May 15, 2021

Should we feel free to pee in the sea?


By my calculations, an adult bladder can hold an average 500 ml of urine. But over 90 minutes (not counting for sweating in the sun) 150–200 ml accumulate and this quantity triggers a need to urinate. Funny though, even when I count say 500 adults on a section of the beach, I don’t see a large percentage of them entering the toilets every hour. That’s 75–100 litres of urine unaccounted for. Could it be that most people pee in the sea?

The American Chemical Society advocates peeing in the sea. They explain that human urine is a fertiliser for marine algae. Its composition is more than 95 per cent water with 1–2 g/L dissolved salt, 0.75 g/L potassium as well as 9 g/L urea. This is a nitrogen by-product from the digestion of protein. Combined with seawater, it’s converted to ammonium.

The Society also believes that dilution is the solution to pollution. If at one time, every person on the planet all urinated at once in the Atlantic, the total fertiliser would only be a minute 60 parts per trillion.

Some surfers might grin in relief, continuing to rinse their wetsuits after use and occasionally washing them with special brand name products to alleviate pissy odours. Some male kayakers might be more open about carrying bottles or even sponges to collect urine, which is then disposed of overboard. To help them make use of these same receptacles, female kayakers can choose from an array of disposable or reusable ‘female funnels’.

But the strength of the Society’s paper calculations disintegrate in the real ocean. The process of dilution is uneven. Attractive bays, reefs and lagoons all have calmer, warmer waters. Endless swashes of tourist urine fertilise the algae, which overwhelm and kill the corals.

The composition of adult urine also varies. Your doses of drugs such as paracetamol, ibuprofen, antibiotics, anti-depressants, oral contraceptives and hormone replacements are not entirely absorbed by your body. The same is true for caffeine, opioids, cannabis, amphetamine, cocaine and ecstasy. Your kidneys funnel them into your urine.

Even the oxybenzone from sunscreen and chemicals from various beauty products and insect repellents applied to your skin or hair are handled by your kidneys in the same way. Thirty minutes after you use them, these chemicals appear in your urine.

Fish, shrimp and crabs react badly to these pharmaceuticals. Their behaviour changes. Some become restless and clumsy, picking fights with others, going out when they should take cover, reacting slowly: all this leads to early deaths. Fish, shellfish and amphibians exposed to hormones and oxybenzone can also completely or partially change sex, usually becoming infertile. Eggs or larvae develop abnormalities.

Are sharks attracted to human urine? Some biologists claim that attacks are linked with the release of human urine. Others claim sharks are not at all interested in these excretions or in human blood.

But sharks will respond to the presence of fish urine and blood. Marine fish urinate constantly through their gills: taking in salt water and excreting salt. Their kidneys conserve water so their urine is quite concentrated. So large schools of fish send constant biochemical signals that are interesting to sharks. Being in that mix, you could simply become collateral damage.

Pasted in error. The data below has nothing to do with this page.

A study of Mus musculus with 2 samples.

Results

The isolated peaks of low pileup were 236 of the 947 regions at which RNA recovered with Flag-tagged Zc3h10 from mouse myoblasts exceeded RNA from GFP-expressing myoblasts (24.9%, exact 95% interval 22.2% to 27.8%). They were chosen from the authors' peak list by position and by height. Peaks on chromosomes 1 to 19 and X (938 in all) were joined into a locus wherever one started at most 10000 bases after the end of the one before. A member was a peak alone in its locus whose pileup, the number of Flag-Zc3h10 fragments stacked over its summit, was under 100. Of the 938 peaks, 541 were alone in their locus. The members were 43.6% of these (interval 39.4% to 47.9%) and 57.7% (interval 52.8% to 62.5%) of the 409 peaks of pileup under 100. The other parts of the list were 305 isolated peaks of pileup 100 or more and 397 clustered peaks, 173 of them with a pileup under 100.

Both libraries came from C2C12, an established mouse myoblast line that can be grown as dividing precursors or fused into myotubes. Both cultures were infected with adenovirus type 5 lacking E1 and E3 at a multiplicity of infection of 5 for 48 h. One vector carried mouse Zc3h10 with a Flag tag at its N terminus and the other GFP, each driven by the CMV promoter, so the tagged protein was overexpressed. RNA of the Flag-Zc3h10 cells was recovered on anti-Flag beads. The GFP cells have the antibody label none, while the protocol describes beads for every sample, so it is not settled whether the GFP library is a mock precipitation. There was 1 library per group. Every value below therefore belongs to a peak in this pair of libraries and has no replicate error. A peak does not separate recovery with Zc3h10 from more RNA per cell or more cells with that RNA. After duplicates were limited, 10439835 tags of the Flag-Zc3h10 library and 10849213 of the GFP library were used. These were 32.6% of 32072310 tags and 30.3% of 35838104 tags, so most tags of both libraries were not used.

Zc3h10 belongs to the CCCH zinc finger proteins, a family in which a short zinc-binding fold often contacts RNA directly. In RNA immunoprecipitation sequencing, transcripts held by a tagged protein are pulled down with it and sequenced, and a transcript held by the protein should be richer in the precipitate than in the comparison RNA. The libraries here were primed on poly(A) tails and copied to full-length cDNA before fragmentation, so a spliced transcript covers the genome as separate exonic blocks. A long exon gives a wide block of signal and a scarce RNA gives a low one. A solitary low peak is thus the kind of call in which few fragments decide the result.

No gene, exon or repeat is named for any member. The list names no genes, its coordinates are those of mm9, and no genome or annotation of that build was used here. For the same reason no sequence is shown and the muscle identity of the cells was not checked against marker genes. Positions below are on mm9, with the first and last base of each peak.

So here’s a simple protocol for adults: Don’t pee in the sea. Urinate at your home or public toilet in the hour before you enter the sea. Start counting from the time you leave home.  Physiologically, as your warm body enters the cooler water, the contrast can trigger an urgent need to pee even if your bladder holds only a little urine. If you were just at the loo, you can confidently override that sensation.

If you are at some idyllic place without a public toilet, find a quiet spot with some groundcover. Make a small deep hole, urinate and cover well. Now wildlife won’t be attracted to the salts and chemicals, which can have dire consequences for them.

Of course, young children can be forgiven in breaking the protocol, but we can start training them by explaining our own behaviour. Choosing this attitude, holding to a human urination ethic is the best way we can finally explain ourselves to all the baby fish, oysters and corals.

    you will probably find that driving to the beach is 1000 times more polluting than pissing the sea and this continual relegation of humans to some kind of natural offensive is quite simply moronic.
    We are part of nature and planet will survive us.

  2. Thanks for your comment. In this short article, I couldn’t begin to explain some of the longstanding Indigenous practices and taboos about human excreta in marine and freshwater. They put ‘Western’ practice to shame. For instance, Maori had strict rules, often passed on in proverbs, warning against pissing on coastal shellfish beds and other sources of seafood.

    In this short piece, I also could not include the recent news from Pacific Northwest. In the mountainous national park, increasing numbers of people out trekking thoughtlessly urinate wherever they liked. The wild mountain goats went crazy over these riotous scents (esp hormones and salts). They sniffed, dug and tore at the leaves and ground all adjacent to the tracks. Between the people and the goats the track erosion greatly increased. The parks service airlifted and relocated most of the wild goats. The ‘Leave No Trace’ campaign expanded to include directions to dig a hole for urine and then cover it up.

    I could not locate any studies about the responses of Australian fanua to human waste but absence of data is not absence of impact.

    In these issues, the words of the Hawai’ian creation lore echo in my head: people were created last and as the youngest of all creation, are required to learn and serve all the other elders on land and in the waters.